An album just as chaotic as 2020
Joe Cardamone, vocalist of the former band Icarus Line, recently released his second solo album Quarantina. The album is nothing short of intense; it feels like the soundtrack for a horror film. The sound is experimental and even uncomfortable at times. With commentary on politics, social justice, personal struggle and life during a pandemic, this 20-track project is nothing if not distinct.
Presumably in reference to the tarot card, “Nine of Swords” is impassioned. It opens with a pulsing organ, strings and Cardamone’s wailing vocals. To heighten an already disturbing piece, the song ends with what sounds like distorted screams and one final lyric: “the dream is just a dream.” Although arguably unpleasant, it does fit well into the themes of this album.
Given the earlier reference, “The Tower” is likely also related to tarot. The song doesn’t have vocals. Instead, it features the sound of intense wind and a shrieking string instrument. The noise builds throughout its three-minute span for an incredibly disarming and unsettling effect. Given the meaning of The Tower card in traditional tarot is one of chaos, upheaval and disaster, one could say Cardamone really captured that essence in this track.
“Yeshua” is one of the more laidback songs on Quarantina musically, but lyrically it still packs a punch. It’s melancholy and nostalgic, with lyrics such as “if this is the past/ I don’t want to move so fast” and “the future has a way of becoming the past.” The soft organ and slow tempo drum beat allow the lyrics to shine and really transport the listener into a space of existential questioning.
“Baby Blue” is one of the better songs off this record. It uses many of the same electronic instruments heard in the rest of this album but with a dance beat that makes this song livelier than the rest. Whereas many songs off this album feel like a sort of stream of consciousness with no clear path, such as “Lisbon” and “New Moon,” this one follows a more typical song structure with verses and a chorus, giving it a more cohesive feel. That being said, there is a sort of apocalyptic undertone to this track that allows it to feel right at home on Quarantina.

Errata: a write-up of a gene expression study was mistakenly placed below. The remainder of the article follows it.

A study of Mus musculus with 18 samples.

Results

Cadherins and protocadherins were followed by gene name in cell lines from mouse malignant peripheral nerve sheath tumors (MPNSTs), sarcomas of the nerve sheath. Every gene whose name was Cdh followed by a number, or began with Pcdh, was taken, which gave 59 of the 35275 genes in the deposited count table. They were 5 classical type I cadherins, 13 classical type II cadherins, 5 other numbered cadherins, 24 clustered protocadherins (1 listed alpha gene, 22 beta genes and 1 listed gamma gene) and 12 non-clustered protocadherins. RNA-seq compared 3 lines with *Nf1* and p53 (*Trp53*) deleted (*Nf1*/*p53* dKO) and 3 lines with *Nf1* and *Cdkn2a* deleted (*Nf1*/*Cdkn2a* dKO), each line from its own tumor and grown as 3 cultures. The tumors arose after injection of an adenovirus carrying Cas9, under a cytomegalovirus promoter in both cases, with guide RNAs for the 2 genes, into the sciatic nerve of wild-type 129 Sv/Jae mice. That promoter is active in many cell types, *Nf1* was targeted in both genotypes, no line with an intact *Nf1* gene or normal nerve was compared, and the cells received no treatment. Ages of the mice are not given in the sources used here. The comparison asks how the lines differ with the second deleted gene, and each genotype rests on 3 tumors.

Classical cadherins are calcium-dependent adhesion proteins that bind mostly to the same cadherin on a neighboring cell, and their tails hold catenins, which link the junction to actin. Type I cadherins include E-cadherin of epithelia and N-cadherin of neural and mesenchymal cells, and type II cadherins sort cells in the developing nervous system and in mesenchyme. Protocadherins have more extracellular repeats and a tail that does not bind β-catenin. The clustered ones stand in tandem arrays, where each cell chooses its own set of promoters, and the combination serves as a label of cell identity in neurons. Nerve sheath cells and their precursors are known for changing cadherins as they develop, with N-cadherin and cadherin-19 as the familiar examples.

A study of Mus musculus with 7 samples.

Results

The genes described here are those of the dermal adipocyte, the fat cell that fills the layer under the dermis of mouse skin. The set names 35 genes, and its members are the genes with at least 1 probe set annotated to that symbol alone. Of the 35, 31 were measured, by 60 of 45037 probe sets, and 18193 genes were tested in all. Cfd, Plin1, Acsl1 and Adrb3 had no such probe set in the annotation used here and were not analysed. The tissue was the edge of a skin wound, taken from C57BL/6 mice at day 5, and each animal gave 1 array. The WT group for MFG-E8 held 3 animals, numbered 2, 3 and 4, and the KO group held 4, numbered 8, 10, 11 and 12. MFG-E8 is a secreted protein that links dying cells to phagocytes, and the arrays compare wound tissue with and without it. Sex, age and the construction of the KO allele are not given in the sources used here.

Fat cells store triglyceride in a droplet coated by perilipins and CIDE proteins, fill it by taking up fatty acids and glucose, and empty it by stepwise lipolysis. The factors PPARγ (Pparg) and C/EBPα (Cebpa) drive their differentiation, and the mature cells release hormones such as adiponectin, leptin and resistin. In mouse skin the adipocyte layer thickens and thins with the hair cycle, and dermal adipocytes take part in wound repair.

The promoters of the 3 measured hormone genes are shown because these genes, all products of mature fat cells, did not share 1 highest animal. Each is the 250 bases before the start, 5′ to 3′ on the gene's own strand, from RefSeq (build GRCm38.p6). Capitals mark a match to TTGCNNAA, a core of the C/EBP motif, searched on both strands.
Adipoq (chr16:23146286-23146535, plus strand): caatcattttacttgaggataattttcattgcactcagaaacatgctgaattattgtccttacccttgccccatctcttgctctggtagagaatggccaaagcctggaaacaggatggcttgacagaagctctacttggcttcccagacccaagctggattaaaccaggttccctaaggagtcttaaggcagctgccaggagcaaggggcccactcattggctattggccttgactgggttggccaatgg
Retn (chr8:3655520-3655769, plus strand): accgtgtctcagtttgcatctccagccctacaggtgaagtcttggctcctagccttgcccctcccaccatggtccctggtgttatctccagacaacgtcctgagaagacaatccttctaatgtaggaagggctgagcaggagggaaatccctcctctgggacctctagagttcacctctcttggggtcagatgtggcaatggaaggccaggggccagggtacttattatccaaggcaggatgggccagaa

The final track off Quarantina is titled “USA,” a commentary on America in the year 2020. It references historical moments from the year such as the murder of George Floyd, protests against police brutality and, of course, the lockdowns, to which the title of the album alluded. Lyrics such as “all the cops are still bastards,” “a black man dies just for a front/ two pounds of flesh/ wash ‘em down with tears” and “oh baby I’m trapped inside” paint a very real picture for anyone living in the U.S. in 2020. Like most on this album, this song has that thriller-like intensity to it, which seems pretty fitting given the way the last year went.
Quarantina is all over the place, but, to be fair, so was quarantine. One could leave it up to the lockdown insanity so many faced throughout the pandemic, but, regardless, this project is messy, hard to follow and slightly sinister. While the majority of the album is pretty horrific, there are still a couple of saving graces–“Yeshua” and “Baby Blue” are two solid pieces of work that are actually enjoyable to listen to. Overall, a disappointing release from such a powerhouse like Joe Cardamone.